In today’s economy, it is typical for both parents to work full-time. Generally speaking, working a full-time schedule will not be counted against you by the courts. In fact, it establishes that you are responsible and can effectively provide for your children. However, not all jobs are the same. In some cases, such as truck drivers, your schedule may be erratic and you may be on the road for extended periods of time. If your job requires you to travel a lot, you may not be able to establish a firm timesharing schedule. In other cases, you may work the third shift meaning you sleep during the day so that you can work at night. Florida courts can and do consider work schedules when determining child custody. In this article, the Orlando, FL family law attorneys at Greater Orlando Family Law will discuss how your work schedule could impact your child custody case.

Custody versus time-sharing 

In Florida, custody refers to the right to make legal decisions on behalf of the child or act as their power of attorney. Parents with custody have the right to make decisions on the child’s education, health care, religious upbringing, and more. A parent without custody would not have this legal right, but still may be allowed to visit the child. Understanding the difference is key when deciding custody matters.

Generally speaking, a parent with an unusual or erratic work schedule would not lose the right to make legal decisions on behalf of their child. However, it will impact their time-sharing and visitation schedule.

Can an erratic work schedule impact my child custody case? 

Not everyone works on a stable schedule. If you work the night shift, for example, your former spouse may try to argue that you will be unable to care for the children. Based on this argument, they may say that they deserve more parenting time. While your work schedule will impact your visitation schedule, it is not the only factor when deciding matters related to child custody. In many cases, a third-shift worker can retain custody of their children. The same holds true for those who work as first responders, firefighters, nurses, and law enforcement that may require swing shifts.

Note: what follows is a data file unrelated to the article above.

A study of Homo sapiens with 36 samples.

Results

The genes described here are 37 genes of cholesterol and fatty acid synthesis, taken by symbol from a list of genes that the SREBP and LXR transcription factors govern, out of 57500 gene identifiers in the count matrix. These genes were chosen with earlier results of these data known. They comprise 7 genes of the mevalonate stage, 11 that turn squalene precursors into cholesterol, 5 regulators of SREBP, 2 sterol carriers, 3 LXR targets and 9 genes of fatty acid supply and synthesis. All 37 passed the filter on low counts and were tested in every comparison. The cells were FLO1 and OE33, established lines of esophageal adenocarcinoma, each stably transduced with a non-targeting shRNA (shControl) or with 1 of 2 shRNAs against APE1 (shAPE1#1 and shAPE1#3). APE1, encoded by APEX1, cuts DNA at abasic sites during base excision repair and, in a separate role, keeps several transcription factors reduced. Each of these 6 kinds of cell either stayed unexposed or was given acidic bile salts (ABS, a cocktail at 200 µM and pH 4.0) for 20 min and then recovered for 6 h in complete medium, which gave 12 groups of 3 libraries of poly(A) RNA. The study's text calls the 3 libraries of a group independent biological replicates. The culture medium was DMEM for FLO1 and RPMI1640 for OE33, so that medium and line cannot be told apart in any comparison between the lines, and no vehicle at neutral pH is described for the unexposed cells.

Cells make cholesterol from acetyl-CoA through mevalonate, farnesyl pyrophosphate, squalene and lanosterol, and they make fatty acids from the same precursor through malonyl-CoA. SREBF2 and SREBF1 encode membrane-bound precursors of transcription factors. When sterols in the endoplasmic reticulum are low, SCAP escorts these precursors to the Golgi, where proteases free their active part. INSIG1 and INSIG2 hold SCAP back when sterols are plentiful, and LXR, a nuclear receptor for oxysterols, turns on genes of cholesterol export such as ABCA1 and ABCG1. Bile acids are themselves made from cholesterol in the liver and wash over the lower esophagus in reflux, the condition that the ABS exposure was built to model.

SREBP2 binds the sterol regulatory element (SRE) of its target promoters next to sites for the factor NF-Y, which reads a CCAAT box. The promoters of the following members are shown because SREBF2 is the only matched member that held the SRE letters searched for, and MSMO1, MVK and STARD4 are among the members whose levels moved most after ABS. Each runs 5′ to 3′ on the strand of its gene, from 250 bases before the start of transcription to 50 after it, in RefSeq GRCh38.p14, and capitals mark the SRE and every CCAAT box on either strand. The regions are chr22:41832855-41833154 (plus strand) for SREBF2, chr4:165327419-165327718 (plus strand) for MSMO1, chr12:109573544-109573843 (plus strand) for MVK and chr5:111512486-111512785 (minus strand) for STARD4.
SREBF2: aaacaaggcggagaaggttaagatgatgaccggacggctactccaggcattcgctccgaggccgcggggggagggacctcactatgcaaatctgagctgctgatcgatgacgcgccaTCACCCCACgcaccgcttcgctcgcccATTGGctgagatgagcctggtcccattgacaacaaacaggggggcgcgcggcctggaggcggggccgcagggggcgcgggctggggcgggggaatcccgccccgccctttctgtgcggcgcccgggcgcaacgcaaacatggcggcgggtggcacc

When will my work schedule impact my right to custody? 

Those who work very demanding schedules may find that the courts favor the other spouse when awarding custody or visitation. Those who, for example, work 14-hour days would have less time to spend with their children. The courts would consider this when awarding custody. The courts will consider only what is in the child’s best interests when determining where the child lives. This does not mean that the parent would lose all custody rights to their child, but they may be disadvantaged when it comes to time-sharing.

Talk to an Orlando Divorce Attorney Today 

Greater Orlando Family Law represents the interests of Orlando residents who are pursuing divorce. We can help advocate on your behalf when it comes to child custody and visitation. Call our Orlando family lawyers today to schedule an appointment, and learn more about how we can help.